Every year, Mehling Hall resident assistants and students plan for their annual spring dance, a tradition they have been doing since most can remember. However, seniors Grace Elder, Cindy Garibay, Mackenzie Clark and Assistant Hall Director Luipta Zamora-Resendiz saw this as an opportunity to change tradition into something more meaningful for students.
On Friday, April 21, Mehling Hall will be welcoming UP students and faculty to dance, celebrate and learn about Latinx culture at their first ever Mehling Quinceañera, featuring a performance from Portland State University’s Mariachi.
Starting at 6:30 p.m. in the Mehling Ballroom, the Quinceañera will be an adaptation from the Latin American tradition that celebrates a girl’s transition from childhood to adulthood on their 15th birthday.
It will be a time to celebrate Mehling seniors that will be entering their own version of adulthood as they prepare for graduation in May.
While the event is free, students and faculty can purchase $5 food vouchers or donate non-perishable food items as an equivalent. Vouchers can be purchased at the Mehling front desk, and students that are non-Mehling residents are encouraged to call the RA on duty posted at the front of the building to allow them access inside to purchase a voucher.
“We’re trying to make it accessible in all types of ways,” Elder said.
Elder, Garibay, Clark and Zamora-Resendiz, who have been spearheading the event, came up with the idea originally last semester when one of Elder’s friends had their version of a Quinceañera at their school. For Elder, she felt this was a way to appreciate Latinx culture apart from what they have seen celebrated at UP.
“We wanted to do something that goes beyond Hispanic Heritage Month or Día de los Muertos,” Elder said. “Coming from a predominantly white institution, sometimes it seems really tokenized.”
They have adopted and changed many of the typical characteristics of a Quinceañera to fit their theme of celebrating Mehling seniors — honoring them with medallions that will replace “la última muñeca”meaning “the last doll”and a senior dance that will replace the “baile de mamá/papá” meaning “mother/father-daughter dance”. However, any UP senior that attends the event will be given a flower as a token for their accomplishments.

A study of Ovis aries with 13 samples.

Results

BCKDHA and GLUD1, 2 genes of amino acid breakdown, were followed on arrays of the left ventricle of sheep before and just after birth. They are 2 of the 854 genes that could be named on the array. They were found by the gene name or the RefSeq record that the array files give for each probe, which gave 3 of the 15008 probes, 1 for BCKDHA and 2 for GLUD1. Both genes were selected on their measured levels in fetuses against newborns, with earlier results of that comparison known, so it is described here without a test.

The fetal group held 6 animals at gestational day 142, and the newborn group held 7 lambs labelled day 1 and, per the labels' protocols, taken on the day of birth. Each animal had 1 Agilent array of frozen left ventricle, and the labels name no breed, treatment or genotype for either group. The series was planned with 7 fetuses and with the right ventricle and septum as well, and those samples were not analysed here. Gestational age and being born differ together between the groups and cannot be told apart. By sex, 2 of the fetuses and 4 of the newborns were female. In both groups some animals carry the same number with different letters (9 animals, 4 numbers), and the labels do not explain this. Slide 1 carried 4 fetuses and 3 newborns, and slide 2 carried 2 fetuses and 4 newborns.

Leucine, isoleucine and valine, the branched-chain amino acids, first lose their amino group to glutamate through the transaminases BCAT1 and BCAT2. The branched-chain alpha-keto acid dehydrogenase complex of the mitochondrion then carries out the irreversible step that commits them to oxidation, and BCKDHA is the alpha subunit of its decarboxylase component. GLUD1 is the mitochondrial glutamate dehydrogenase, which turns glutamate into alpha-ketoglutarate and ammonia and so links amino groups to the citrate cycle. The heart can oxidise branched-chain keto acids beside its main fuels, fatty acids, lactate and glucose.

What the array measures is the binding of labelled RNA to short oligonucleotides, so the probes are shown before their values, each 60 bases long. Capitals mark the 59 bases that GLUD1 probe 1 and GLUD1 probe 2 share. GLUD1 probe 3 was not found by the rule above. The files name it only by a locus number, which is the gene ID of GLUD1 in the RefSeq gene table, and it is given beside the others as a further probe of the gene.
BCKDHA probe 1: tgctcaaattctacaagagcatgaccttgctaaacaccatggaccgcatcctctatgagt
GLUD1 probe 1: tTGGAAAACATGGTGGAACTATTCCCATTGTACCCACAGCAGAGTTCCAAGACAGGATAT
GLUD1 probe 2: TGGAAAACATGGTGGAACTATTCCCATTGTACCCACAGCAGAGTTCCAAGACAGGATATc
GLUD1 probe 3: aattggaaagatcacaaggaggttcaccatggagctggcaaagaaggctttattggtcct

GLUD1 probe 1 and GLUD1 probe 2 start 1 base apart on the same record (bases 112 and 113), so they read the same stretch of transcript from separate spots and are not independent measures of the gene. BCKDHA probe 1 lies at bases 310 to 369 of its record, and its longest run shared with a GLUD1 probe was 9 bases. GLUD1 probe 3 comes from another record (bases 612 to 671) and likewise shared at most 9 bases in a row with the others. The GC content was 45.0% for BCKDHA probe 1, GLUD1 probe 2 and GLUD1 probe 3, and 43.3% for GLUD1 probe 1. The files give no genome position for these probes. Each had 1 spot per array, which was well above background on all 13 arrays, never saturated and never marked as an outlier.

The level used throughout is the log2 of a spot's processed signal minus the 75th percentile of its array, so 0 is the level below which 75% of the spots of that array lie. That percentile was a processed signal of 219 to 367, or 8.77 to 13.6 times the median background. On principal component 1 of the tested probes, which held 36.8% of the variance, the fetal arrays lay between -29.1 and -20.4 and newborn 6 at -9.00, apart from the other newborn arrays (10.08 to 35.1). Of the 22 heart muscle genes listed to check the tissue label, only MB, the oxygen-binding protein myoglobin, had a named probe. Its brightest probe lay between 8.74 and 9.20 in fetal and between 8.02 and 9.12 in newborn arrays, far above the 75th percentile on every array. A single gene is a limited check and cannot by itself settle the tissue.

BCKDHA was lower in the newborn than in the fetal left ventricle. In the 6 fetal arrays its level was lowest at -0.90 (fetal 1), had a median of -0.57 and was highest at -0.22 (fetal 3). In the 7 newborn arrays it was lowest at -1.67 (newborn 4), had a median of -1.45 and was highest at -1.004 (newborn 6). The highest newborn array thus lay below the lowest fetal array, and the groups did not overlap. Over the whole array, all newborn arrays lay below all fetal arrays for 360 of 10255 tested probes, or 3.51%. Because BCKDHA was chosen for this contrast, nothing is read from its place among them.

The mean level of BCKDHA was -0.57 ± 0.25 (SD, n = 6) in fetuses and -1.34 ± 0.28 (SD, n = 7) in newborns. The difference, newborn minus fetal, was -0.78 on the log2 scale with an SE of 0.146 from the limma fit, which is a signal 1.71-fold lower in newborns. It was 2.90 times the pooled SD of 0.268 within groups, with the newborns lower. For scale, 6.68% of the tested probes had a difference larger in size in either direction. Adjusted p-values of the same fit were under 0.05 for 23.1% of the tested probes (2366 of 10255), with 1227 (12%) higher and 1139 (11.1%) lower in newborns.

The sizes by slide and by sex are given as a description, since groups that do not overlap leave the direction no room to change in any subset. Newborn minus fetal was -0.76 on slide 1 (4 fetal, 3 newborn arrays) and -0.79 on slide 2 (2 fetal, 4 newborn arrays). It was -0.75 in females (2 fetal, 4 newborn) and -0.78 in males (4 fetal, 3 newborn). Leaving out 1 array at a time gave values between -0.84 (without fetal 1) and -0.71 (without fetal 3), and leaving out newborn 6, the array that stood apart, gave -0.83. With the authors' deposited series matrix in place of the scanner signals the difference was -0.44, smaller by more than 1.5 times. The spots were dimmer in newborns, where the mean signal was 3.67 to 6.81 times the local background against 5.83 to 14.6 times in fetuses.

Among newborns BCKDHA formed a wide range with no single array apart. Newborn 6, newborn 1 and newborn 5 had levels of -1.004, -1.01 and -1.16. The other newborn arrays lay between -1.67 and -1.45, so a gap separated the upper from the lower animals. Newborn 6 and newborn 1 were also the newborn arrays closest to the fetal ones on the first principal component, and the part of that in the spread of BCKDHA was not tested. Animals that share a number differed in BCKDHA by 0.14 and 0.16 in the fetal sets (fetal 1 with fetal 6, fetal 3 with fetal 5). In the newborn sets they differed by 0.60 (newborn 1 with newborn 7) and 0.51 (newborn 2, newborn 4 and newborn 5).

“We had gone into this whole thing saying that there had to be some sort of intention behind it,” Elder said. “While doing a Quinceañera by the book would be nice, it isn't conducive with our theme of honoring seniors. So, we wanted to make it work for our theme but still in a way honor the tradition.”
With intentionality being crucial to the group's planning, one way they are honoring the Quinceañera tradition is by creating a space for students to learn more about how it's traditionally celebrated. So, along with their adapted and changed parts like the medallions or senior dance, there will be a segment where they explain their traditional counterparts.
“I think that this has been a really cool opportunity for someone like me who had friends who had Quinces,” Clark said. “It's been a really cool opportunity to learn about the history, the tradition and the culture.”
As part of their Quinceañera Spotlight on their Instagram, Mehling residents have also gotten a chance to share their Quinceañera experience and what it means to them. This is also open to any UP student, and submissions can be made through the Mehling Instagram or through the Mehling email at firstname.lastname@example.org.
Their intentions of honoring the tradition and highlighting it in a way that doesn’t seem tokenized doesn’t just come from personal beliefs, it’s also a reflection of how the Mehling community has responded to the event.
Initially, Elder, Garibay, Clark and Zamora-Resendiz received feedback from Mehling residents worried that the event would be a form of cultural appropriation or disrespectful to the significant cultural tradition.
“I think this gave us another perspective to consider,” Garibay said. “We know why we are doing this, but people outside of that may not know that unless we're explaining that really clearly.”
This initial backlash gave the group time to step back and rethink about how they wanted to approach the Quinceañera in a way that clearly demonstrated a form of cultural appreciation.
On a personal level, Garibay and Elder understood where the group was coming from. Both identify as Latinx, they have had their own encounters with appropriation of Latinx culture themselves.
“It happens all the time,” Garibay said. “Your stuff isn't respected. So, I understand people being kind of on the defensive about it, especially when they probably had no idea where we were coming from.”
After talking with residents that were concerned and being more transparent about their intentions with the Quinceañera, the response has been positive, making the group hopeful for how the event will turn out after preparing for weeks.
“We're trying to plan a really fun event, but we also want to do it in a way that's meaningful and important,” Garibay said. “The vast majority of our responses [to the Quinceañera] have been people who are really excited about it.”
Kimberly Cortez is the Community Engagement Editor for The Beacon. She can be reached at email@example.com.